Saturday, May 1, 2010

Don't call me your Mary Sue



The definition of a Mary Sue, as written in Wikipedia (since Wikipedia is never wrong) is:

A fictional female character with overly idealized and hackneyed mannerisms, lacking noteworthy flaws, and primarily functioning as a wish-fulfillment fantasy for the author or reader.

Let's face it, nobody is perfect. Yes, sorry to be the bearer of bad news, but everyone has flaws (even if that flaw is believing you're perfect) and humanistic behaviour. And when trying to create a character the writer must think of such flaws to help create a realistic and believable character.

So, how do humans behave?
  • Humans are curious:
    Last night at work out the front looked like a crime scene (seriously with police tape that blocked half of our outside seating, about a dozen cops, security and ambulance, even forensic guys wearing masks and taking pictures), and we still had to continue working... surprisingly we were really busy during this time, mainly from people ordering one drink and having their eyes fixed on the action unfolding behind us. Everytime I walked past someone they grabbed my arm, litterally, whether I was carrying a heavy stack of plates or not, they asked what had happened. When I couldn't answer them they said they would ask the cops (you know, the ones doing their job).

    Humans just have a "need to know" attitude, the can't help themselves. And, don't worry, no one died... it turned out to be a fight.

  • Humans are liars:
    I hear you say, I don't lie. Well then, answer me this, is someone says "does my bum look big in this?" or "how does my new hideous hair cut look?" or even "how are you?", you can't tell me that you don't tell exactly what they want to hear. That, in my dictionary, is still called lying even if it is for a good cause.

  • Humans need a feeling of self-importance:
    Everyone needs a purpose, they need to feel like what they're doing is important. Count how many times you use the word "I" in your day. Every time we think, it's mainly about ourselves, even if it's helping others "I'm going to help with...", "Do you want me to..."  This is all in effort of making ourselves feel more important. And, that ego inflates as soon as someone acknowledges it.

  • Humans laugh at pain:
    Ever heard of the Gladiators who were in fierce battles while people looked on and cheered, especially if they were being slaughtered, that hasn't changed (well, except for the slaughtered part). Football games, car races, etc, people go to cheer on their teams don't they? But, you can't tell me that people would rather a clean game where they just played with little contact, or one where there were fierce tackles, big crashes in car races and a lot of blood.

    Sometimes they even laugh at their own pain... well, I do. The other day I slipped on the stairs and slid (more like crashed) to the bottom. I got up, looks of horror from my brother and mother who were looking on, and my first reaction was geez, that hurt. Then, after about five seconds I burst out laughing (don't ask me why... seeing as I was in pain). I have seen people get back up and laugh at themselves after a fall. I still don't have a rational excuse as to why they do, I guess it's just another mystery in human behaviour.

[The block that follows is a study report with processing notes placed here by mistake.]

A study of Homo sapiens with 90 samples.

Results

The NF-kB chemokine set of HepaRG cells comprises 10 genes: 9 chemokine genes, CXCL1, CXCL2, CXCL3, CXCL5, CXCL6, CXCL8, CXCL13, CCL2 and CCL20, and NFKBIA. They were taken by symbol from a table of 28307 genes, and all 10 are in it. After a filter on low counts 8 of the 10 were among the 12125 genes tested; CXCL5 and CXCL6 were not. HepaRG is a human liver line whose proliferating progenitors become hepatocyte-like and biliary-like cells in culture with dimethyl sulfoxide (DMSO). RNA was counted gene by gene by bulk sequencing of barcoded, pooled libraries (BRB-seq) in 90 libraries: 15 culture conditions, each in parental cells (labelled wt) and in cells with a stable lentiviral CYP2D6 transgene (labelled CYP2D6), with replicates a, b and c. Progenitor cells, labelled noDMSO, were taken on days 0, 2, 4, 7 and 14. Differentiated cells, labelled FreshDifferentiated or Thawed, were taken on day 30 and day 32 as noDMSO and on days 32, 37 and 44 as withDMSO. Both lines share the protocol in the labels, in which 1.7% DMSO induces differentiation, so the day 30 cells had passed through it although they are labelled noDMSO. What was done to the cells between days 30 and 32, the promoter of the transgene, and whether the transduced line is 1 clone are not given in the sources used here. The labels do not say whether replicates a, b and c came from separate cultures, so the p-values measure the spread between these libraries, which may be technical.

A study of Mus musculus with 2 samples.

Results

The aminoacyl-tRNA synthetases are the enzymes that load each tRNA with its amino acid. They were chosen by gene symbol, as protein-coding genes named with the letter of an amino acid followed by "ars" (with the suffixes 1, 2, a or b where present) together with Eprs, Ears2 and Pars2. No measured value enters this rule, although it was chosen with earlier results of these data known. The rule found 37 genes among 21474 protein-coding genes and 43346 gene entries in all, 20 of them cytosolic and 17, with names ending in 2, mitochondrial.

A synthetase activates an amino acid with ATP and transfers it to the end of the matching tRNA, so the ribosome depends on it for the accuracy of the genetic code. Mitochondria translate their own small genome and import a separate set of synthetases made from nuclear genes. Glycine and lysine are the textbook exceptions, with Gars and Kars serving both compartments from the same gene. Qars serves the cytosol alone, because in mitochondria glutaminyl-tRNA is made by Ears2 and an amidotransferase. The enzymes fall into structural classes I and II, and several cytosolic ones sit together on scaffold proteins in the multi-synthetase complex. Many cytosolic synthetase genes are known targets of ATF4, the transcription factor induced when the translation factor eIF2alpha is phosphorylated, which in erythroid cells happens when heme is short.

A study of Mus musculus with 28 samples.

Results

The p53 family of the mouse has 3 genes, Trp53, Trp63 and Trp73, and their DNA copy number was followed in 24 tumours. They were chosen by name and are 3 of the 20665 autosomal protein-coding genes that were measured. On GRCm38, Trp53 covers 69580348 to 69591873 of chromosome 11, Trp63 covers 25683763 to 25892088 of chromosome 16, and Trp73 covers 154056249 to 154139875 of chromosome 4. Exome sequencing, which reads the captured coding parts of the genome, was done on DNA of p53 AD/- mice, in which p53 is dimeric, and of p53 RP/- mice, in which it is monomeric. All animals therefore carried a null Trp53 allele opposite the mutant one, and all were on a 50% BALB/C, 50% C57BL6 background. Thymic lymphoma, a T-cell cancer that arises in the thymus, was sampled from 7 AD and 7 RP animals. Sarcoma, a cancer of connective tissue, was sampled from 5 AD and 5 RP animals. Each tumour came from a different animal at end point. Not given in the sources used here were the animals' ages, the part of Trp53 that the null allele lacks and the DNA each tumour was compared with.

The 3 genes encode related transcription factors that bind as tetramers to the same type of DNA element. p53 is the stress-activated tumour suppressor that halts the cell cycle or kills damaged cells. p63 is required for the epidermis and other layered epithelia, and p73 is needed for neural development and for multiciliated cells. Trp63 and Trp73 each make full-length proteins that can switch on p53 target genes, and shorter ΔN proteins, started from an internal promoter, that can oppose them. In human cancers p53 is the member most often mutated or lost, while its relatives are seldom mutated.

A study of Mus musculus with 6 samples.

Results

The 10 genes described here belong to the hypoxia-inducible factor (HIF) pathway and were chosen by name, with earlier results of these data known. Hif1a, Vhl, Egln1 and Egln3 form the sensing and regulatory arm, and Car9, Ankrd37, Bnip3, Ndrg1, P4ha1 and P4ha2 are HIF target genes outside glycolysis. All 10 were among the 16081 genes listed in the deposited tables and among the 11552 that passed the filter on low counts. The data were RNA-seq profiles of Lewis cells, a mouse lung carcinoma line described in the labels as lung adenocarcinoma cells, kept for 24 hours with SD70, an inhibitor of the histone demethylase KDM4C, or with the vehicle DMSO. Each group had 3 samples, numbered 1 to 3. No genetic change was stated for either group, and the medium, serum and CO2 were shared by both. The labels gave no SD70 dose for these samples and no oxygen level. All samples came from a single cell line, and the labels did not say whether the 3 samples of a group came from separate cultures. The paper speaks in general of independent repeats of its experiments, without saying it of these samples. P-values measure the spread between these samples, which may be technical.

• Humans don't like to lose:
    Nobody does. If you lose, there's mixed emotions of hurt, anger and rejection. But, do you give up? If an obstacle appears, most people will find a way to knock it down and triumph over adversity, even if that means being constantly hit in the face until that one solemn chance comes along to win.
 So, why do writers write characters that appear perfect? Is it a secret desire of being that character? But, it's not that simple. How can any reader really relate to that character when there's no identifiable trait? I love characters who are underdogs or the ones whose flaws are really getting in the way of accomplishing their task. I love writing those sort of characters as well. Where's the fun of writing a character who is always winning or can defeat any challenge and is picture perfect?

How do you handle your characters flaws? And, do you like reading Mary Sue stories?

8 comments:

sarahjayne smythe said...

I loathe Mary Sue/Marty Stu characters. They're flat and one dimensional and beyond annoying. It's hard to connect to cutout, cardboard characters. I like mine to have flaws and be messy.

Cheree said...

Messy characters are always fun to write. They will always turn out unpredictable and different.

Deb Salisbury said...

Mary Sues are enough to make me toss any book. :rolleyes:

Great post! I'm linking back to you.

Cheree said...

Thanks Deb, I really hate them aswell. Nobody's perfect so why write a character that is?

cipherqueen said...

Exactly! They actually have a test for that- where the more points you get, the closer your character is to a Mary Sue. My male protagonist got a -7.

I wonder if that means I'm being too cruel to him...

Cheree said...

I also sometimes wonder if I'm being too cruel to my character, but if I wasn't there wouldn't be any story.

Zoe C. Courtman said...

What a great post. I loved your list - it helps to remember some of them, i.e. that we're curious. That we're liars. Flawed, eccentric, bad-tempered, foul-mouthed, laughing-at-pain -- it all equals one INTERESTING character. Thanks for sharing!